Since January 2015, the Foundation has tracked announcements of expansions, relocations, and greenfield investments published on Area Development‘s website. Founded in 1965, the publication “is considered the leading executive magazine covering corporate site selection and relocation. … Area Development is published quarterly and has 60,000 mailed copies.” In an explanation to the Foundation, its editor wrote that items for Area Development‘s announcements listing are “culled from RSS feeds and press releases that are emailed to us from various sources, including economic development organizations, PR agencies, businesses, etc. We usually highlight ones that represent large numbers of new jobs and/or investment in industrial projects.”
In June, of 23,090 projected jobs, 16,442 — 71.2 percent — were slated for right-to-work (RTW) states:
As is increasingly the case, Amazon’s massive infrastructure investments complicated the data. Fully 72.2 percent of the jobs to be created in non-RTW states will be located at facilities owned by the online mega-retailer. While our research has consistently shown superior overall job creation in RTW states, with victories for 30 straight months, it’s clear that Amazon bucks the trend. Even California and Connecticut, widely considered national leaders in anti-business policy, landed investments last month. Taking Amazon out the equation for both types of states, the RTW job-creation share would have been 86.8 percent in June.
As for the sub-metrics the Foundation scrutinizes:
* Eighteen domestic companies based in non-RTW states announced investments in RTW states. Just two — both in Missouri, which becomes RTW in late August — went the other way.
* RTW prevailed in foreign direct investment, too. Twenty-seven projects are headed to RTW states, with Missouri claiming the only announcement for non-RTW states.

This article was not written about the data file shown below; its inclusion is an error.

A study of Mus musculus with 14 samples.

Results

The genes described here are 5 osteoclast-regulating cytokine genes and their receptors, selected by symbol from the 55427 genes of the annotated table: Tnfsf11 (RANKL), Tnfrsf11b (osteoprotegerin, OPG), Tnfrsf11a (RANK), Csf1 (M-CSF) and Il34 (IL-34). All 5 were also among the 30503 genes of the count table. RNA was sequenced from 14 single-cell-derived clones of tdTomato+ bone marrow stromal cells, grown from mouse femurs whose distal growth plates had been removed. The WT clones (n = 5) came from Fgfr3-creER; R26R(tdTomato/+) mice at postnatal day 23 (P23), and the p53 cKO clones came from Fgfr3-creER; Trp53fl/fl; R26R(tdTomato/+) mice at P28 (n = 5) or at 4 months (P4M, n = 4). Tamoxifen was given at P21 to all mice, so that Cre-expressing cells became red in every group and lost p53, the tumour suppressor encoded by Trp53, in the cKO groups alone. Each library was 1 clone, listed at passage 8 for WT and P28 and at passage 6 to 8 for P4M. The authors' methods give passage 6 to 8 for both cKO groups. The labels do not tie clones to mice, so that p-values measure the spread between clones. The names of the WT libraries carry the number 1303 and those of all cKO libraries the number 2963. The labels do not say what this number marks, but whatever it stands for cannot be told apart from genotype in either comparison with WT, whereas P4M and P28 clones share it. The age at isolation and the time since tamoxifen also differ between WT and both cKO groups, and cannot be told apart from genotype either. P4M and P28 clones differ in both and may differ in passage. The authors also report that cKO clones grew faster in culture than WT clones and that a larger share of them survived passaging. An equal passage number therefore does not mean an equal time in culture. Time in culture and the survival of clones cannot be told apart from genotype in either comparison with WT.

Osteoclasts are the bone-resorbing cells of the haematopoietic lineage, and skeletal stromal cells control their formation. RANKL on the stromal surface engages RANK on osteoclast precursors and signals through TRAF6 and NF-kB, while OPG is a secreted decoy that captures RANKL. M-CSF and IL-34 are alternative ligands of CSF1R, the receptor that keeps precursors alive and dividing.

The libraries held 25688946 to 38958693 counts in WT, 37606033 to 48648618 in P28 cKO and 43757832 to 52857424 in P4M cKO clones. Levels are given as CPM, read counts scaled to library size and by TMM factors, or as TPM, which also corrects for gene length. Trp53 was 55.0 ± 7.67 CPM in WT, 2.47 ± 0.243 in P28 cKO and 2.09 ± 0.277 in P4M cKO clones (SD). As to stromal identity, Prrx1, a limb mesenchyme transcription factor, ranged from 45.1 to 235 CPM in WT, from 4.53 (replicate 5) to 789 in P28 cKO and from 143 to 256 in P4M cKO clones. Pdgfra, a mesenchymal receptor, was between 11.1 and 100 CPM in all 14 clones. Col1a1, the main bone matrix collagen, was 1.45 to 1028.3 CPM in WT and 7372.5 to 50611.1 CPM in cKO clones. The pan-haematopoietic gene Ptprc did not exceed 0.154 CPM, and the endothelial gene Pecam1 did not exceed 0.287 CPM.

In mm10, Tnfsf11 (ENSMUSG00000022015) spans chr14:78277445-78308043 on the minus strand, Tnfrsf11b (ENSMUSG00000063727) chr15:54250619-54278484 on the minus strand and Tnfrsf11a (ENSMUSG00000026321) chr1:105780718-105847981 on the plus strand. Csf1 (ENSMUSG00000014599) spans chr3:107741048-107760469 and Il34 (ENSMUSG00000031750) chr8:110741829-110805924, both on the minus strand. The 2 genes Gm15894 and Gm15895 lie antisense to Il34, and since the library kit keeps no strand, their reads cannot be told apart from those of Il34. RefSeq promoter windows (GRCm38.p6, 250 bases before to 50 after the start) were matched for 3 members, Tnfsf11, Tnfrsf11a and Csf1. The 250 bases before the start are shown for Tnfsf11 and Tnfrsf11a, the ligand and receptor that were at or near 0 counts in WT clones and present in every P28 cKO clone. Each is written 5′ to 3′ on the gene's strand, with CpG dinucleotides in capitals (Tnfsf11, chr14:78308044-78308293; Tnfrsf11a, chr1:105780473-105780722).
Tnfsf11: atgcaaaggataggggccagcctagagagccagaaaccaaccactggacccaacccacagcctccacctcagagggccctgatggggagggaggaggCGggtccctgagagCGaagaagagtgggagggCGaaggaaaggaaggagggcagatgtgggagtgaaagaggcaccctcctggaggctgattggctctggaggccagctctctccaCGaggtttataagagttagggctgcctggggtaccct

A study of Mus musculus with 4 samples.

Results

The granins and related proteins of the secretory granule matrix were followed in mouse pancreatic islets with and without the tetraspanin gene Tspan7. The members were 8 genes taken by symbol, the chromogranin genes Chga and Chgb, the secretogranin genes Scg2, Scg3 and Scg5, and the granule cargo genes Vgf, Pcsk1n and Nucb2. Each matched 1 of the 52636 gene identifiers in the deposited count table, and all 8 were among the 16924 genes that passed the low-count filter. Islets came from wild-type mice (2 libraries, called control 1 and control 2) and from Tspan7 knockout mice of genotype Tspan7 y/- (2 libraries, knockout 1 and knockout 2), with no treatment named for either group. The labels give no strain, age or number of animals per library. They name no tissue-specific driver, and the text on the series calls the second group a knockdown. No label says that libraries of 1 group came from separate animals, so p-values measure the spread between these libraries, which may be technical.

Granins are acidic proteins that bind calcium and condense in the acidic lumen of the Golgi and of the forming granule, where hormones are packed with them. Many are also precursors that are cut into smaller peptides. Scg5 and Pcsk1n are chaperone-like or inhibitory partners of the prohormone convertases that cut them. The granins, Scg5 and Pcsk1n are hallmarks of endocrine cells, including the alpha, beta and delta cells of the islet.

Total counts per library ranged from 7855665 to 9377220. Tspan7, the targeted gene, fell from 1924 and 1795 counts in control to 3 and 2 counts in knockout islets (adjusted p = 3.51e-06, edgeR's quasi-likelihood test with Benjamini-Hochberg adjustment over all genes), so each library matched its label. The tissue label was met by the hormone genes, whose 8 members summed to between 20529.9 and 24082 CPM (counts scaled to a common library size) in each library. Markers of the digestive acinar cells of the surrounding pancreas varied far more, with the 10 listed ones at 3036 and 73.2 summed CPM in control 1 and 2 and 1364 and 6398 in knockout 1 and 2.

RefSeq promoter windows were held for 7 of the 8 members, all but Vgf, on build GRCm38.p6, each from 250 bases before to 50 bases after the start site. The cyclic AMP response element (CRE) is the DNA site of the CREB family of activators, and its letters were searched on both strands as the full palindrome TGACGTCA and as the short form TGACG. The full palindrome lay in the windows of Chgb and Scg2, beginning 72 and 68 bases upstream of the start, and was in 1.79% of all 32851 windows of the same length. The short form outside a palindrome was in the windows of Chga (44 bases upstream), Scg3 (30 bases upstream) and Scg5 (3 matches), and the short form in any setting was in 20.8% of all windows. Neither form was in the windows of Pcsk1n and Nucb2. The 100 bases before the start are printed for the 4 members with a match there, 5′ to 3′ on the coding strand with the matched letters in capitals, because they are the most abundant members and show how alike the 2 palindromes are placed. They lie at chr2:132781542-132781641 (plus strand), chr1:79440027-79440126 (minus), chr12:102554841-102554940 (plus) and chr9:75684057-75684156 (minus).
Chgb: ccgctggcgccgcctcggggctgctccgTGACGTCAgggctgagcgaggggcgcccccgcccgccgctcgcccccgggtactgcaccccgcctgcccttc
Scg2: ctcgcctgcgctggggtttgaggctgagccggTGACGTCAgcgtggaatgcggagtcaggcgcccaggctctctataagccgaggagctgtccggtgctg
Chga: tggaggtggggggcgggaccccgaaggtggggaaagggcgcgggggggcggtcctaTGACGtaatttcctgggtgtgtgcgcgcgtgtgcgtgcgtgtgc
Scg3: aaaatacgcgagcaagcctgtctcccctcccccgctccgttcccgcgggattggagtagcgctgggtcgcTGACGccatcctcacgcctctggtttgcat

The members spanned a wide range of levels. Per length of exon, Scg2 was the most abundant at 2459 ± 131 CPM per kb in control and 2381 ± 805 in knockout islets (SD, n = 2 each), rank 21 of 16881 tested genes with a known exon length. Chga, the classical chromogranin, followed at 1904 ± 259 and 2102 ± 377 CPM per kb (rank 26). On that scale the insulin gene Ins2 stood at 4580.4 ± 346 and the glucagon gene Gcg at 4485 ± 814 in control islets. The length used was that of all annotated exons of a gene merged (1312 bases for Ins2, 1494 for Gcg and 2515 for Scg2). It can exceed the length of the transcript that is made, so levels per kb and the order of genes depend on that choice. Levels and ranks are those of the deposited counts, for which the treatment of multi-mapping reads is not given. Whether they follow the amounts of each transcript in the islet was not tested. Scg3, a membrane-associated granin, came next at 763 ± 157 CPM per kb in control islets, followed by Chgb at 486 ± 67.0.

Marquee RTW investments included:
* GM picked Texas for a “new supplier park to support future vehicle production,” planning to hire 850 employees, 600 of which will replace workers based overseas.
* BeijingWest Industries, “a premier chassis supplier that designs and manufactures brake and suspension systems for the global automotive market,” chose Indiana for a 441-employee factory, its “first manufacturing site in the United States.”
* Blue Origin, building a rocket engine to “end the nation’s dependence on Russia for access to space for critical national security space systems,” will hire 342 employees in Alabama to staff “a state-of-the art production facility.”
* Boston Consulting Group picked Georgia to locate 200 “highly skilled positions in creative visual services, finance, client and business support, legal and information technology, and other areas.”
* All job estimates — “up to,” “as many as,” “about” — were taken at face value, for RTW and non-RTW states alike.
* If an announcement did not make an employment projection, efforts were made to obtain an estimate from newspaper articles and/or press releases from additional sources.
* If no job figure could be found anywhere, the project was not counted, whether it was a RTW or non-RTW state.
* Non-border-crossing relocations were not counted, border-crossing relocations were.
3 Replies to “Declaring Independence from Forced Unionism”
Your article does an equitable service for RTW states. It has been obvious for any number of years that economies will do substantially better in RTW states than non-RTW states.New York State is a prime example. As a non-RTW state, it is losing manufacturing and retail businesses as well as general population for the past ten years, in spite of what Andrew Cuomo says, and in spite of the millions of dollars he spends on TV ads trying to bolster his own reputation. It just does not work for him or the rest of NY State.
The film business, which is subsidized by the state, is a “closed” business. If you are not a union (IATSE) member you cannot get a job in the “glamour profession” in New Mexico even though your tax dollars are subsidizing it.
Yes, that is correct. Our biggest problem is the use of tax dollars, but IF we are going to subsidize an industry like that, it should be open to all comers, not a playground for the unions. But that is the way politics tends to work in NM.